When choosing color schemes, sometimes we forget to consider dark, dramatic looks. While you may not want your entire home in a dark scheme, sometimes having one room decorated in dark values can offer an interesting break from all the light. Famed architect Frank Lloyd Wright explored the philosophy of compression and release in many of his designs. This theory deals with how we psychologically handle the feeling of enclosure. When you enter a building or stand under a low ceiling you may feel a slight sensation of being trapped. Then, when you move into an open space you will feel a tremendous weight has been lifted. Using a balance of dark and light spaces to offer a variety of experiences in your home can produce a similar dynamic effect as you move throughout the home.
When you think about what room you’d decorate with dark colors, many people will easily consider an office, library, lounge or theater room. We’d like to offer some more prominent room ideas here to consider before jumping right to light color schemes:
Dark Entry: If you have a defined entryway in your home, using a dark color is the best way to achieve what Wright accomplished in his architecture. When you enter a home from the outside, immediately feel that sense of compression, then walk into a living space that’s lighter and more open, the effect is accomplished.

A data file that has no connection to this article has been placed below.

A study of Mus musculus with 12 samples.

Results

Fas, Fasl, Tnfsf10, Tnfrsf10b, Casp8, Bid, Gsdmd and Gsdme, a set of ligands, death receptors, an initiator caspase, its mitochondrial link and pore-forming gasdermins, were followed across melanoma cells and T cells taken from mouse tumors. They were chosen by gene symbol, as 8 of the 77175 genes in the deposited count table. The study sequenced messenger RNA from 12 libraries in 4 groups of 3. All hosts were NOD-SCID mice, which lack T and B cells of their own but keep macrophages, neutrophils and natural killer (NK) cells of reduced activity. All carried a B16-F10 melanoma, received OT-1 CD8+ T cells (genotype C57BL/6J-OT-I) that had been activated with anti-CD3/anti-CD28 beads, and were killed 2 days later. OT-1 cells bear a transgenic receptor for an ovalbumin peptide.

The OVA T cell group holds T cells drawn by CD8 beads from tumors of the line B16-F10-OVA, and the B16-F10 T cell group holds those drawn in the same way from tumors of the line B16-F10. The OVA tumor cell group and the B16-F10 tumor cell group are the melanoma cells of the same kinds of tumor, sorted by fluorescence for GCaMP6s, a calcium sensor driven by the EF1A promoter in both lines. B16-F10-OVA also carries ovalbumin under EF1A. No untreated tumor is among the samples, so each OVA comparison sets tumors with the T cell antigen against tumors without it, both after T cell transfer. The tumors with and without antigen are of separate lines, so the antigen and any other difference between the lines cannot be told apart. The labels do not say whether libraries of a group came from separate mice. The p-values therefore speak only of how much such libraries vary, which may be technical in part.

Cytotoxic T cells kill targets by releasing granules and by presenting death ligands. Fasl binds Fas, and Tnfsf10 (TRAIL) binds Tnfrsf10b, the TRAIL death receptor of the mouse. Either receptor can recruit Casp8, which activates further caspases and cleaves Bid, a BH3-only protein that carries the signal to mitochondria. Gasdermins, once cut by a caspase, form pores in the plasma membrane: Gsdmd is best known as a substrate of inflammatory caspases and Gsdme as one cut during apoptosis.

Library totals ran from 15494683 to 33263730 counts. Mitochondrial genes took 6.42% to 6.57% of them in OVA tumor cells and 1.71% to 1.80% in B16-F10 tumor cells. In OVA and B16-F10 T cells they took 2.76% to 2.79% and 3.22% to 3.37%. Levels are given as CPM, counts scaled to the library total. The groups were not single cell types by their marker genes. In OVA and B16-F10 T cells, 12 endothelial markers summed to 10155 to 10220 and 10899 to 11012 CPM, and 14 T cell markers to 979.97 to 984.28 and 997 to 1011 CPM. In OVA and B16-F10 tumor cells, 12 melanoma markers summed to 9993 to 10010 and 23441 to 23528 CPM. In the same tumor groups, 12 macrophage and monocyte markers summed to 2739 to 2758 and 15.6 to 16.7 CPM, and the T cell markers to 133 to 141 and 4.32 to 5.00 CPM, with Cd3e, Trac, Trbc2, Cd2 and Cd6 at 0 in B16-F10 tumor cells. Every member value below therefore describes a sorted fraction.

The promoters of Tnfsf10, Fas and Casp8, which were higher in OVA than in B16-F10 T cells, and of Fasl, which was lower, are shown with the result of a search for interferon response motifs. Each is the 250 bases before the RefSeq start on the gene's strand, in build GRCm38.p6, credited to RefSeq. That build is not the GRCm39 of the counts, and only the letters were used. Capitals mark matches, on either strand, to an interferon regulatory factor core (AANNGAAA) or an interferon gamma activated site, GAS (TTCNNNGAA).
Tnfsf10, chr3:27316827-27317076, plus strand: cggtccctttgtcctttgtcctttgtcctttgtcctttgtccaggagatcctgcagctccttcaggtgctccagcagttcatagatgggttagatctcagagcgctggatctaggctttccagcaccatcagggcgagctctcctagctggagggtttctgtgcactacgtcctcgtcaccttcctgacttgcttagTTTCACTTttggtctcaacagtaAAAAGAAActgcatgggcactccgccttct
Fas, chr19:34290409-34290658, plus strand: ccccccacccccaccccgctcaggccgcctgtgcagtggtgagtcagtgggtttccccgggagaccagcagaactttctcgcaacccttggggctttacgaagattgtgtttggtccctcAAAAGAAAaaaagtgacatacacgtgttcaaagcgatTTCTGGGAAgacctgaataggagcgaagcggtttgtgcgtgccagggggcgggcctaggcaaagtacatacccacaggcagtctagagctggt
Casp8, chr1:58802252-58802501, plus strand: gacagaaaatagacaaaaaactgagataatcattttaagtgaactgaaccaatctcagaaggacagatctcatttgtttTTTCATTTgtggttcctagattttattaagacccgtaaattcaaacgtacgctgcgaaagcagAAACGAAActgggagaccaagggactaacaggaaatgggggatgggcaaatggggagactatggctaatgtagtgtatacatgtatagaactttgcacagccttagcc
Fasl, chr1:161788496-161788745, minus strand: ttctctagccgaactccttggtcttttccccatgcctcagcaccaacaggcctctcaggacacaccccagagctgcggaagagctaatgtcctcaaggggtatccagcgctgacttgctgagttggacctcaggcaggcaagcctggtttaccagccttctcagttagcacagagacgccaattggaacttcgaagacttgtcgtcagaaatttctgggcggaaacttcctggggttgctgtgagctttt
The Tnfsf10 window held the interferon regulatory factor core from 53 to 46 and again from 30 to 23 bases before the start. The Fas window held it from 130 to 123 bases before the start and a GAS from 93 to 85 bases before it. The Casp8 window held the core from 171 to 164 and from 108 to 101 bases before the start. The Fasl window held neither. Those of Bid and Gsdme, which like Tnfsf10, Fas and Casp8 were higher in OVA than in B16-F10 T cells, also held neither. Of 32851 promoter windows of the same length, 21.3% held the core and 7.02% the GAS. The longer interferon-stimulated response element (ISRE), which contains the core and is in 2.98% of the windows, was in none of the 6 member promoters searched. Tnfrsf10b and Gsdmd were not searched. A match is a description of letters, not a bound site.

Dark Bathroom: A darkly painted, wallpapered, or tiled bathroom will give it an immediate luxury factor! Use an interesting mirror and choose lighting fixtures that play up the luxurious feel.
Dark Bedroom: A dark bedroom can feel sophisticated in a warm, enclosing way. Use darker colors to create a calm retreat. Darkly painted walls with carefully considered lighting can set the tone for both romance and good rest!
Dark color schemes aren’t for everyone, but they are worth considering. We think they’re fantastic. We love the way light plays off dark colors—both natural and artificial lighting create different moods and aesthetic effects. Pops of color and whites look even more vibrant when surrounded by darker colors. Test Wright’s theory for yourself and start picking out some dark color schemes!